ENSURING AN INDEPENDENT AND IMPARTIAL JUDICIARY
“The Constitution demands that courts be fair and impartial…[and] when judicial election campaigns degenerate into politics as usual, then campaign cash and special interest pressure threaten the rule of law.” – Bert Brandenburg, executive director of Justice at Stake, a Washington-based nonpartisan group that tracks judicial politics.
In Ohio, it is readily apparent that the independence and impartiality of the judiciary is under attack. Thomas Moyer, the Chief Justice of the Ohio Supreme Court, has described the problem as follows: “Anybody who places their trust and confidence in a constitutional democracy should be outraged by the expense and special-interest involvement in the 2002 judicial elections in Ohio. This is the dark side of democracy.”
A recent analysis of Ohio Supreme Court case decisions “found that its justices routinely sat on cases after receiving campaign contributions from the parties involved or from groups that filed supporting briefs. On average, they voted in favor of contributors 70 percent of the time. [One justice] voted for his contributors 91 percent of the time, the highest rate of any justice on the court.” Adam Liptak and Janet Roberts. “Campaign Cash Mirrors a High Court’s Rulings.” New York Times (page 1); October 1, 2006.
Ohio’s system of judicial elections is broken and in need of reform. A 2002 Capital University Law Review article argued that “although there may be no good method of selecting and retaining judges, there is a worst method, and Ohio is among the states to have found it. That worst method is one in which judges qualify for their jobs by raising very large sums of money from lawyers, litigants, and special interest groups, and retain their offices only by continuing to raise such funds. Paul D. Carrington and Adam R. Long (2002). “The Independence and Democratic Accountability of the Supreme Court of Ohio” (page 472). Capital University Law Review 30:455-487.
Many states have adopted merit selection in an effort to remove the judiciary from the political process. The American Bar Association reports that “merit selection was proposed as a means of separating judges from the election process that shapes the selection of legislators and executive officers. As it has evolved, a nominating committee that is comprised of both lawyers and non-lawyers presents the governor with a list of nominees from which the governor selects an appointee. After a stated term, the judge then stands for an election with no party affiliation and no opponent. The judge will be retained if he or she receives a certain percentage of the vote. Twenty-five states and the District of Columbia use some type of merit plan for selecting some or all of their judges. (In five other states, the governor or legislature appoints judges without a nominating commission.)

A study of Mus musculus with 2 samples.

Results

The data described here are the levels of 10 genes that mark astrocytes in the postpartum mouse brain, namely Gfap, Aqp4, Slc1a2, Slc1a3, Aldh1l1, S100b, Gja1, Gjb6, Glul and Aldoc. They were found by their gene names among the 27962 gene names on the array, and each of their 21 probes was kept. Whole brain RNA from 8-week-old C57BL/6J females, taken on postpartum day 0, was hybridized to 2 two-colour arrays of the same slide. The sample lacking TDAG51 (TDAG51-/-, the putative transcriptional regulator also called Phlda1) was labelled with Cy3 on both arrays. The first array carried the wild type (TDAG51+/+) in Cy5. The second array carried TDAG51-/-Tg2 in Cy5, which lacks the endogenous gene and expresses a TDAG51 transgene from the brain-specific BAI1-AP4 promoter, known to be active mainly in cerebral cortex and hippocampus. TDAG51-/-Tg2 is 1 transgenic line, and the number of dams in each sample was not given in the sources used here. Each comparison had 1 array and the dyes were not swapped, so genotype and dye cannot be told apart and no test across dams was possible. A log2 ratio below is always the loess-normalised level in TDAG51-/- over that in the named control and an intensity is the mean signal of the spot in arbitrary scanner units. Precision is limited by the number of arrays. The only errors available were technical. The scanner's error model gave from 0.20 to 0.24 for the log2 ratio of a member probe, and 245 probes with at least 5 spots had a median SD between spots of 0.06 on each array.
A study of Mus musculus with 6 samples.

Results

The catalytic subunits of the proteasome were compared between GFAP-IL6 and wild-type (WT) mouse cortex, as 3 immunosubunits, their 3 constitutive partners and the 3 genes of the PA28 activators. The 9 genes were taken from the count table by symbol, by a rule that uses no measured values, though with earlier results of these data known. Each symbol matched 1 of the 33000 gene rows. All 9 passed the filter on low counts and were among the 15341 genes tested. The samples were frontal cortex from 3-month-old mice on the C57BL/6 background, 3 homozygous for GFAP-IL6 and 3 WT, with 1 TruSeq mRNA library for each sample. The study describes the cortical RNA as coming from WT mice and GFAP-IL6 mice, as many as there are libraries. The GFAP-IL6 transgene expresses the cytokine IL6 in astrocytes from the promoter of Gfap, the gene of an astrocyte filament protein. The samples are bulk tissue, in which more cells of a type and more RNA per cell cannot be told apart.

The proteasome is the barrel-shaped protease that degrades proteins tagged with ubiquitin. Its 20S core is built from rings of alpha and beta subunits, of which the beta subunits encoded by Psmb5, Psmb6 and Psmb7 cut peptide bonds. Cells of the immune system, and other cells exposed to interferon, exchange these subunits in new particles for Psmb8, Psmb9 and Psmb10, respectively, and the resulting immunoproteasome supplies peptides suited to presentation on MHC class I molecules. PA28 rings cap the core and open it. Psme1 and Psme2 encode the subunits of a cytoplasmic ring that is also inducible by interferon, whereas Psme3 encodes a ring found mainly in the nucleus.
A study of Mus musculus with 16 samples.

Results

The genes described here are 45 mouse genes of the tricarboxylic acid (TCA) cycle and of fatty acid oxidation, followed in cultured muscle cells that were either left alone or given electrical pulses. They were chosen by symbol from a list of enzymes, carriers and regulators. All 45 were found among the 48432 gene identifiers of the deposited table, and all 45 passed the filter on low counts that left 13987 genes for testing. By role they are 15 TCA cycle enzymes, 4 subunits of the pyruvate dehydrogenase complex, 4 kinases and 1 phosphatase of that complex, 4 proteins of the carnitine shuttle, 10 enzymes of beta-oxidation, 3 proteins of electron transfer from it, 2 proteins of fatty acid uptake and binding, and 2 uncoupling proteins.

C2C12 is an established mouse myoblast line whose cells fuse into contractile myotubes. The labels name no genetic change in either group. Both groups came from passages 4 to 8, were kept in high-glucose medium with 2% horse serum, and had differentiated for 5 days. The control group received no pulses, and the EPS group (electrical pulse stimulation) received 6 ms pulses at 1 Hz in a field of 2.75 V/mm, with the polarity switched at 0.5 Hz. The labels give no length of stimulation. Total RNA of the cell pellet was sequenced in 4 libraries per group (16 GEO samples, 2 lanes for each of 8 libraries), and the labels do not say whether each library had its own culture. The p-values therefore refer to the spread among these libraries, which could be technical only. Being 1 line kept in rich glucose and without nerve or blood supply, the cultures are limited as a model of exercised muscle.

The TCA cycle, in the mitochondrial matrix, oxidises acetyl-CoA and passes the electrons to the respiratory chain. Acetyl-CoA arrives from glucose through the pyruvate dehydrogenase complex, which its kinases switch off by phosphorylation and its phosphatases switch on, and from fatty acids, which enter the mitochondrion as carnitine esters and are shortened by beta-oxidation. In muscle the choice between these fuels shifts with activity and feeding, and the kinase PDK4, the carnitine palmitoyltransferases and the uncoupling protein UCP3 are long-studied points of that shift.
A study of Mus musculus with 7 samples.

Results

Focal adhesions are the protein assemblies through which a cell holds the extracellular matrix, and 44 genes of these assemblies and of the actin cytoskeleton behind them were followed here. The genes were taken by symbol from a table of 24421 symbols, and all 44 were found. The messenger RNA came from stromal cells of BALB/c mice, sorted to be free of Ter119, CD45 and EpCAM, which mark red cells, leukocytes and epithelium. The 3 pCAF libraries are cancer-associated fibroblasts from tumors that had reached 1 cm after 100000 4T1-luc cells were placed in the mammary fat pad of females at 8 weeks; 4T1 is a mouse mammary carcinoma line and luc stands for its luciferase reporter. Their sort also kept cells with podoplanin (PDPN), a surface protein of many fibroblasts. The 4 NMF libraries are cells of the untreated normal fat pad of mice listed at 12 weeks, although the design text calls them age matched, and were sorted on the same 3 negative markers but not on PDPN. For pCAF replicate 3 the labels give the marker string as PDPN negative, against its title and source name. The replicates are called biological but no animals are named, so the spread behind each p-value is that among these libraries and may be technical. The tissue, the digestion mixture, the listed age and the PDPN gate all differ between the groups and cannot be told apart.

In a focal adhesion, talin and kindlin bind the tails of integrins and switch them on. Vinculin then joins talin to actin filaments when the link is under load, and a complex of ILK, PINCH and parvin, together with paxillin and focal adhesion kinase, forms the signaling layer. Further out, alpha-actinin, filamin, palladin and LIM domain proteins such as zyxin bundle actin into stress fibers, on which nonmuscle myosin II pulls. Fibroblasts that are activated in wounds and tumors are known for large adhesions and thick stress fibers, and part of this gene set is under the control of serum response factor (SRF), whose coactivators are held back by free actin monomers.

The LWVO has long backed merit selection, but it has not been embraced by the voters of Ohio. Nonetheless, Ohio voters are not satisfied with the current system. A 2002 poll commissioned by the League of Women Voters of Ohio Education Fund found:
Ohio Supreme Court Justice Paul E. Pfeifer describes the problem this way: “Everyone interested in contributing [to judicial campaigns] has very specific interests. They mean to be buying a vote. Whether they succeed or not, it’s hard to say.” Adam Liptak and Janet Roberts. “Campaign Cash Mirrors a High Court’s Rulings.” New York Times (page 1); October 1, 2006. From Ohio judges’ perspective, a 2002 poll by Justice at Stake revealed that:
There are various ways to address the problem of money in judicial campaigns:
Compounding this, in 2000, for example, less than one-third (29 percent) of Ohio’s state judicial candidates were involved in contested elections. [This could have been in part because, as in other elections, there is a tradition that the major political parties in counties such as Franklin and Hamilton make deals dividing up court seats so that judicial races will be uncontested. As Catherine Turcer, Legislative Director for Ohio Citizen Action, noted, “When you make backroom deals, that means voters don’t have a choice. And when voters don’t have a choice, they are not getting the best they can get.”
“The potential for single-issue groups to influence judicial races may be heightened by the general absence of voter interest and participation, insofar as it may then be easier for a comparatively small, highly motivated block of voters to affect the results.”
It is worth considering what information would be relevant for voters attempting to select a judge. The first step may be to provide voters with information about the role of the judiciary and how that differs from that of other elected officials. In addition voters might benefit from greater information about a candidates legal experience – has he or she tried a number of cases in the case of lower court judges or prepared and argued appeals in the case of appellate judges. Information about sitting judges’ demeanor and judicial temperament would also be relevant.
Strengthening the independence and impartiality of the judiciary is a challenge which at times involves constitutional as well as political issues. However, as noted above, there are steps that can be taken which will begin to address the perception that the judicial system in Ohio is broken and in need of reform.